We don’t need another hero. All we need is life beyond Ben Affleck as Daredevil. In our murky times, when American Psycho gets to play Batman and villains are more likely to be US government officials than any exotic moustache twirler, we need a leading man who’s a little bit damaged, likely to lead us astray. Step up Robert Downey Junior as Iron Man.
He plays Tony Stark, a billionaire industrialist whose company makes missiles that blow-up, democratically, in every corner of the globe. He likes fast cars, fast women and saunters round like a trainee Al Pacino; complete with small pointy beard. Stark’s charmed life hits the buffers when a military convoy he’s presenting weapons to in Afghanistan is ambushed by Taleban-style warriors and his shrapnel ridden body is dragged into a cave network.
Before you can say “Where in the world is Morgan Spurlock?” the evil-doers are forcing him to build a super-missile. Only Tony is not compliant, and being a bit like McGyver meets Bill Gates (what he can build with his bare hands in the middle of the desert is nobody’s business) he instead fashions a robotic-skeleton which turns the wearer (him) into a walking/flying whoop-ass machine. So he fights the evil-doers with his prototype and returns to America to face the machinations of corporate schemer Obadiah Stane (Jeff Bridges) who wants to make sure Stark industries stay in the weapons game, despite Tony’s newly found reservations.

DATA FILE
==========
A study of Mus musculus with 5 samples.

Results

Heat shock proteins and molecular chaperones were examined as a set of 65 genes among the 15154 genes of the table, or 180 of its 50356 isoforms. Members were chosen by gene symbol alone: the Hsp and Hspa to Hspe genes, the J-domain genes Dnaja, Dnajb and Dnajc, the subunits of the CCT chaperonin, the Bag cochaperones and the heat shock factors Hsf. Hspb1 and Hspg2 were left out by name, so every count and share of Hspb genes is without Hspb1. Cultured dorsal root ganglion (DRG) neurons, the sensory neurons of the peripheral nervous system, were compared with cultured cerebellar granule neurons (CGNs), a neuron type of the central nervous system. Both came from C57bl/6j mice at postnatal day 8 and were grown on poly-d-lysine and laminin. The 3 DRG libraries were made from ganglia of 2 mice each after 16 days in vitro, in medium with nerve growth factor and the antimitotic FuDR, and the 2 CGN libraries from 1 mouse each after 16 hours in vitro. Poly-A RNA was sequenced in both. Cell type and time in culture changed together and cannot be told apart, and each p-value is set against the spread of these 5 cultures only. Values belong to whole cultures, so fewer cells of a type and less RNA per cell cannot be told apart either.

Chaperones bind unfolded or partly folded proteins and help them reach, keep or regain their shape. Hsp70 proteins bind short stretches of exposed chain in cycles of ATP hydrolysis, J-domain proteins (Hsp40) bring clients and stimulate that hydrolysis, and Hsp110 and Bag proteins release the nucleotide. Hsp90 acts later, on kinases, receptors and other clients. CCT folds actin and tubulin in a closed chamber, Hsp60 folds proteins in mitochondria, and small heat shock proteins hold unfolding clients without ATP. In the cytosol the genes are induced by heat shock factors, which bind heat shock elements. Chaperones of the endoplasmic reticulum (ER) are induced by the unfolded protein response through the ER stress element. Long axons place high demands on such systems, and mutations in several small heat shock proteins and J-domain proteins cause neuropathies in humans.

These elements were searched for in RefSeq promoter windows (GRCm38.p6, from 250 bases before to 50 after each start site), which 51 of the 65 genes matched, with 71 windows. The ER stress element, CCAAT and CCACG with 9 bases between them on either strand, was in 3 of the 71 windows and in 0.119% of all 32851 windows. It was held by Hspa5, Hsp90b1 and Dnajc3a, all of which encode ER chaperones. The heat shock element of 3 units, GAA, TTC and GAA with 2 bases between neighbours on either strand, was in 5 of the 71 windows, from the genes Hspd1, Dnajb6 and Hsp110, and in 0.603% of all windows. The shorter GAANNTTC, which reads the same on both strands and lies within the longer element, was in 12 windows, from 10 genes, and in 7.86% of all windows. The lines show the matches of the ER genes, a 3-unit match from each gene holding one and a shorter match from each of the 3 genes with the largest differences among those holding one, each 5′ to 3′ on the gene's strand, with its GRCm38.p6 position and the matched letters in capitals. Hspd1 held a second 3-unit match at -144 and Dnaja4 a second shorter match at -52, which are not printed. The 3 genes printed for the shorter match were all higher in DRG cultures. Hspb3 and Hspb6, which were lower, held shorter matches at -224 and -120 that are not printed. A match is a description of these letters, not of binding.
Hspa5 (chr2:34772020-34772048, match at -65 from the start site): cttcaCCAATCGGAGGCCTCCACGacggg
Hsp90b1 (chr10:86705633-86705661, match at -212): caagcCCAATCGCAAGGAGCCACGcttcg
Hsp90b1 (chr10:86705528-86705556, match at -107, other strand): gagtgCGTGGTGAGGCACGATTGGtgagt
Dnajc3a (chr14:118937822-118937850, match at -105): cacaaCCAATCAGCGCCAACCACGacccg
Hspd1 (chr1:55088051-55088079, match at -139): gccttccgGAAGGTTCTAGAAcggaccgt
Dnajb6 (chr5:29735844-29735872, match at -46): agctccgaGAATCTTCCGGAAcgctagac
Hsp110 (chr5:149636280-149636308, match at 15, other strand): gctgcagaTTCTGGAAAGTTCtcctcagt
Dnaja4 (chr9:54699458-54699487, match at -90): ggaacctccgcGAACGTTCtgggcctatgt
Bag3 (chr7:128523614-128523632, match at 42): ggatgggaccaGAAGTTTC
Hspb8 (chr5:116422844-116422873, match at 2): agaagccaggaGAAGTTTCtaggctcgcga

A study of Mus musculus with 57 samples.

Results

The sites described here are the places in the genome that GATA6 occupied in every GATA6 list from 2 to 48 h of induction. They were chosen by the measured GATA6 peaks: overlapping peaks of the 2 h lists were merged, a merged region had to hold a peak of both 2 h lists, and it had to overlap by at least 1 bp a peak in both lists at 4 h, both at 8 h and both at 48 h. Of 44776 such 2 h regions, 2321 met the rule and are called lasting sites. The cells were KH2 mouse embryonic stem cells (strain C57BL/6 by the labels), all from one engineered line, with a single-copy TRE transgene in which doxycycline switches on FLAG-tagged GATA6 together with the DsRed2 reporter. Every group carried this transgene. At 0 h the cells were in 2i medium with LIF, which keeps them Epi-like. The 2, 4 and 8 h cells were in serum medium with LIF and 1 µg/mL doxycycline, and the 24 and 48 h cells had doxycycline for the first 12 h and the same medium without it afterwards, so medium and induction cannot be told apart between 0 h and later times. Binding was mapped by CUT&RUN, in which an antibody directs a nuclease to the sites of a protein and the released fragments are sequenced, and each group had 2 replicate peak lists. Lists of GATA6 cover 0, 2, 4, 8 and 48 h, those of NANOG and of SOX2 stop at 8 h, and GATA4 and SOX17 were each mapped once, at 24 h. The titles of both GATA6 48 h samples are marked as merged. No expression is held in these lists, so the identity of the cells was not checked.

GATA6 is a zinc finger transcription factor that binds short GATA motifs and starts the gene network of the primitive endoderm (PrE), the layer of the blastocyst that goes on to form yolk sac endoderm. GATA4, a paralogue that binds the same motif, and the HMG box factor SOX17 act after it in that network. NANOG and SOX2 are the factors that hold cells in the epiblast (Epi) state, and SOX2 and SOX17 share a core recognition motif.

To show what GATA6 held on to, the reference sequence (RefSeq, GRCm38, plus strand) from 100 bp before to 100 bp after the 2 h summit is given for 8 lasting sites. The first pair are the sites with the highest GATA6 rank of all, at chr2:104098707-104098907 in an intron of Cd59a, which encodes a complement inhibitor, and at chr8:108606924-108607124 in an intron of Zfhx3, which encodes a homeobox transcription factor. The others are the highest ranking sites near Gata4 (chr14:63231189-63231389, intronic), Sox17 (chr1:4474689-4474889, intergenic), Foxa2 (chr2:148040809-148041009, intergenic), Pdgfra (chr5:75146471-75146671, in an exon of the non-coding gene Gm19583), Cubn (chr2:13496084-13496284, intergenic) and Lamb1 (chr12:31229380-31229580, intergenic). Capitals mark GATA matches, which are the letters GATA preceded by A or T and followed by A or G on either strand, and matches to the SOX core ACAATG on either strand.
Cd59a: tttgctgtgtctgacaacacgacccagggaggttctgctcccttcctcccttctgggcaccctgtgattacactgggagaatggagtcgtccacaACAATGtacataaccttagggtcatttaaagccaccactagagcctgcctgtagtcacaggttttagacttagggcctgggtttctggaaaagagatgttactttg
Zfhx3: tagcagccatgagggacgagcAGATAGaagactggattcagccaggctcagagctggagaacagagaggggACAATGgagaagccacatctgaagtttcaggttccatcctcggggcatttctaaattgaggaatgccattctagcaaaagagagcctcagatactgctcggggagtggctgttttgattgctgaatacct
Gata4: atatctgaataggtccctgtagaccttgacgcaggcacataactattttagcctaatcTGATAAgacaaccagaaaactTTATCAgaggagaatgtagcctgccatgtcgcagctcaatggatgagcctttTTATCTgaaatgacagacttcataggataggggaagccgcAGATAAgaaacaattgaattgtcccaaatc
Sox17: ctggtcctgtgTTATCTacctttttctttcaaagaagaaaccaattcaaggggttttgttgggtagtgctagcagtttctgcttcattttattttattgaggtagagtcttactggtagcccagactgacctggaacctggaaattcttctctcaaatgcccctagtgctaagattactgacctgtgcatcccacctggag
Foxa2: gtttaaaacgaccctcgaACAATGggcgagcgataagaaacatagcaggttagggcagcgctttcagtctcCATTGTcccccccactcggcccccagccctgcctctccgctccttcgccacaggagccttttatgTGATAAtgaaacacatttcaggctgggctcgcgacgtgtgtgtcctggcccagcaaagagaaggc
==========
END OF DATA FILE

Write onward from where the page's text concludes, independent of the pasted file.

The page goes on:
Iron Man gently mocks America’s bombastic militarism and contains just the right amount of self-deprecating humour with Downey Junior at the sardonic heart of things, like when his PA, (Gyneth Paltrow, essentially Alfred the butler in Manolo Blahnik) finds him with dozens of metallic plates being applied to his body: “Let's be honest, this isn't the worst thing you've caught me doing.” There is plenty of time for moments like this as Iron Man is not weighed down with too much plot or a surfeit of super-villains to introduce. As the Marvel geeks will tell you, it is an origin story, so it takes its time to establish Stark’s motivation for donning the metallic suit and as a bonus you get amusing scenes where the technology blows up in his face (with a nice running gag about his domestic robot too eager to turn the fire extinguisher on him).
As the first instalment of a hoped-for franchise for Marvel, it’s amazing that Iron Man was helmed by Jon Favreau, a comedy actor with only TV episodes on his directing CV. He does a great job. He combines a light touch on the acting scenes with the expected mecha-destruction. The graphics and special effects are very good; Iron Man looks particularly sleek in his retro-futuristic outfit. Jeff Bridges goes up to eleven on the sinister scale (looking like an egg with a beard). Essentially though, this is the Robert Downey Junior show who, unlike Michael Keaton when he was given Batman, relaxes into the role straight-off and makes you think: more episodes please, this is fun.